DEPARTMENT OF STATE, Washington, October 19, 1861.
GEORGE A. HOFFMAN, Postmaster, Cumberland, Md.
SIR: Will you please inform this Department whether in your judgment there is sufficient reason for detaining John C. Stovin who was recently arrested in your village as a disloyal and dangerous person?*
I am, sir, your obedient servant,
F. W. SEWARD,
WASHINGTON, October 26, 1861.
Honorable WILLIAM H. SEWARD, &c.
SIR: In your confidential note of the 18th instant you do me the honor to inform me that Mr. John C. Stovin on the 16th of July, 1859, renounced in open court his allegiance to any foreign prince, potentate or sovereignty whatever and especially to Queen Victoria.
You will perceive, however, by the inclosed copy of a dispatch from Mr. Bernal, Her Majesty's consul at Baltimore, that Mr. Stovin adheres to his assertion that he has only taken the oath declaring his intention to renounce his allegiance to the Queen and has not taken that by which and alien on becoming an American citizen actually renounces his allegiance to his natural sovereign.
It was on the faith of a solemn assertion to this effect that a British passport was granted to him and submitted to you for counter signature. You will perhaps remember that the passport stated on the face of it that Mr. Stovin was "a British subject who had declared his intention to become a citizen of the United States but had not actually become a citizen thereof. "
I could not feel any hesitation in sanctioning the granting of a British passport to a person to whom that description was applicable. In fact soon after the notice requiring persons in these States to provide themselves with passports was issued I made particular inquiries at the State Department respecting the cases of British subjects who had declared their intention of becoming American citizens. I was informed in reply that the Government of the United States had no right and was under no obligation to grant a pass port to a foreigner wclared his intention to become a citizen of the United States. It was pointed out tome that the law requires a period of several years to elapse before that intention can be carried into effect and that the person who may have declared it may change his mind and has entire liberty to do so.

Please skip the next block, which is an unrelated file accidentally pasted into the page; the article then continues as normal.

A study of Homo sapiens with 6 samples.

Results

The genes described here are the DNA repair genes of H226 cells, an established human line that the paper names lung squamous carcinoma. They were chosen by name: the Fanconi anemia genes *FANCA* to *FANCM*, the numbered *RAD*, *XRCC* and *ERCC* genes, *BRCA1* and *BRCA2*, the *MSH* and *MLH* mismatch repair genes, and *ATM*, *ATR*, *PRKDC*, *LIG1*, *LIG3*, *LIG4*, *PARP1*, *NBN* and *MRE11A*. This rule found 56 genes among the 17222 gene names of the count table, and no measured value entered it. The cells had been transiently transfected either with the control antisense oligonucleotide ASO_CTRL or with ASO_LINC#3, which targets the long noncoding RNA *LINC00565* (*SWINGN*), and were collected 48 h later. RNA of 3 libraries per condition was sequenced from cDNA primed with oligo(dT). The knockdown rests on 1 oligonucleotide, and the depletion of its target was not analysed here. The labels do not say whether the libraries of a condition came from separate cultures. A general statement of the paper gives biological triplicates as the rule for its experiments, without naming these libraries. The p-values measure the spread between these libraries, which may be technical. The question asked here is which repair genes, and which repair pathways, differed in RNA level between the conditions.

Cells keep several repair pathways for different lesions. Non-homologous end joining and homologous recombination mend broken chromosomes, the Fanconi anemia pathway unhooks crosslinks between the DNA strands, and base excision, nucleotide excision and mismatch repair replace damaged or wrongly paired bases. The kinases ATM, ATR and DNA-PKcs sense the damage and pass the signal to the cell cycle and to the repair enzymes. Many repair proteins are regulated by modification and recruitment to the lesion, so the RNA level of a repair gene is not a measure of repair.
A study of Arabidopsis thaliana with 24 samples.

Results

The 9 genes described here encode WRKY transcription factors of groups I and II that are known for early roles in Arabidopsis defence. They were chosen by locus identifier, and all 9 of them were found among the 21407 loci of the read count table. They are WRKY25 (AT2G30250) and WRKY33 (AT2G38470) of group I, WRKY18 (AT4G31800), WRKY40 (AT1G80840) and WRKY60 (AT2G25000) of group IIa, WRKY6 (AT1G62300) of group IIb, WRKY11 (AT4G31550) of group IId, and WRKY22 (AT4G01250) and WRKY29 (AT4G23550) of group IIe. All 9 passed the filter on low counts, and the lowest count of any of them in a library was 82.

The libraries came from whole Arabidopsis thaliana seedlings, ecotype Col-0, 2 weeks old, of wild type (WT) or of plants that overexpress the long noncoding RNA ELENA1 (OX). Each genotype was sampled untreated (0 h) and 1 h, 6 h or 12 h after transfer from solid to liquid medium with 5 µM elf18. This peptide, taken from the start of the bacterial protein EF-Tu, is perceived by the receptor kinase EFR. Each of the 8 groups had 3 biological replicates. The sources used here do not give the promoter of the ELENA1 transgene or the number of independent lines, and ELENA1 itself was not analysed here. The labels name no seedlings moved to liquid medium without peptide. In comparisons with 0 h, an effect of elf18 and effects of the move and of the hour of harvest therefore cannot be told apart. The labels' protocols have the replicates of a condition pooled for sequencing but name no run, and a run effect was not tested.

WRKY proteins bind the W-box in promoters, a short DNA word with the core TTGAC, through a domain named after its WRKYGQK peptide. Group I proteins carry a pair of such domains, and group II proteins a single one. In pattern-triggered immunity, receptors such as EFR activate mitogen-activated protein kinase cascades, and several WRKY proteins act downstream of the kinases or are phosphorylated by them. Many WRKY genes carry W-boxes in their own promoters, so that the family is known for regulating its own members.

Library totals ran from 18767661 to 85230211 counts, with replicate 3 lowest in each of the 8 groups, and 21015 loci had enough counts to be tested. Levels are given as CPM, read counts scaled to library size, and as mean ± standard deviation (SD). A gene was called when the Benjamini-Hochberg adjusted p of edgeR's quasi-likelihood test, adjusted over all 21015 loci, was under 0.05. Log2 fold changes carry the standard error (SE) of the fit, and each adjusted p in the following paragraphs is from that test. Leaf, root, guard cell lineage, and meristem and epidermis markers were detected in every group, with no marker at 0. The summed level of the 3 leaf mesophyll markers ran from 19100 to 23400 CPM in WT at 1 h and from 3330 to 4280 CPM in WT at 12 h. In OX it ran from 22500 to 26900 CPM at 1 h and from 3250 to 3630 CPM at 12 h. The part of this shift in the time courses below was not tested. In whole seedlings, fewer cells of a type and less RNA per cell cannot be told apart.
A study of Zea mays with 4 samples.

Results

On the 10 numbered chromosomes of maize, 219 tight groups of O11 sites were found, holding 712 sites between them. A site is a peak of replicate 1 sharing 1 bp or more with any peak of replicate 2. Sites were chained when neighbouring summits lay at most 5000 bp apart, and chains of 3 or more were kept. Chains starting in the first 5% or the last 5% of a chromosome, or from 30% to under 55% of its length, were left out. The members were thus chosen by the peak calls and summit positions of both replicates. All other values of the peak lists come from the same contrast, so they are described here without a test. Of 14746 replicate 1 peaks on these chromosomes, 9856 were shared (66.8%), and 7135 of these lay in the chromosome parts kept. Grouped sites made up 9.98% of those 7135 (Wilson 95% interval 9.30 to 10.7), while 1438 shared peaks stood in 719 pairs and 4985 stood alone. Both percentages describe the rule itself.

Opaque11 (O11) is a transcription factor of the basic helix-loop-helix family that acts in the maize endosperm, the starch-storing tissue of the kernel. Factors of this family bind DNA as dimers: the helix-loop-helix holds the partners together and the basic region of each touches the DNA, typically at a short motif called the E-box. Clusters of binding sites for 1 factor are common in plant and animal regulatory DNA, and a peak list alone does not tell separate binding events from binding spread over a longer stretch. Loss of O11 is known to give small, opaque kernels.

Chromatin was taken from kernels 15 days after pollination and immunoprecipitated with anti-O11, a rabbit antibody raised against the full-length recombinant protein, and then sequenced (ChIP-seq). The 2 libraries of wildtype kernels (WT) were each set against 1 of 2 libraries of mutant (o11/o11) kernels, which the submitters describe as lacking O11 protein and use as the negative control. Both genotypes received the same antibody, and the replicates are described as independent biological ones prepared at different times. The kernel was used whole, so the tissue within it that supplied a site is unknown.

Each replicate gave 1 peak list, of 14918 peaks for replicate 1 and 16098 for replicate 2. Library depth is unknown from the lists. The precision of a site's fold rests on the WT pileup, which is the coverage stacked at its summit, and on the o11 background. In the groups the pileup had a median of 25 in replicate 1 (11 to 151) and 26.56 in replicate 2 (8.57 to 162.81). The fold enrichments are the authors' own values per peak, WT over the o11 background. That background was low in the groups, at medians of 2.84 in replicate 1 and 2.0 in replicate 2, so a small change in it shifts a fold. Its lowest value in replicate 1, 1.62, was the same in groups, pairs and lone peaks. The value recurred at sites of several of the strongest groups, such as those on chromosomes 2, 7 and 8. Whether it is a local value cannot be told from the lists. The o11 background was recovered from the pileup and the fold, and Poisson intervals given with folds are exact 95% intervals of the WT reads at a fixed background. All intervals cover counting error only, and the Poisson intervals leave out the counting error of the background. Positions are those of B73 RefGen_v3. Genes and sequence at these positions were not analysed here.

It was added that until the final act of naturalization such a person is to all intents a subject or citizen of his native country and therefore that foreigners whether they may have declared their intention to become citizens or otherwise must obtain passports from the proper authorities of their own country.
I have the honor to be, with high consideration, sir, your most humble servant,
BRITISH CONSULATE, Baltimore, October 22, 1861.
LORD LYONS, K. C. B., &c.
MY LORD: I have the honor to acknowledge the receipt this morning of your dispatch of the 19th instant referring to the case of Mr.
*No answer to this inquiry can be found.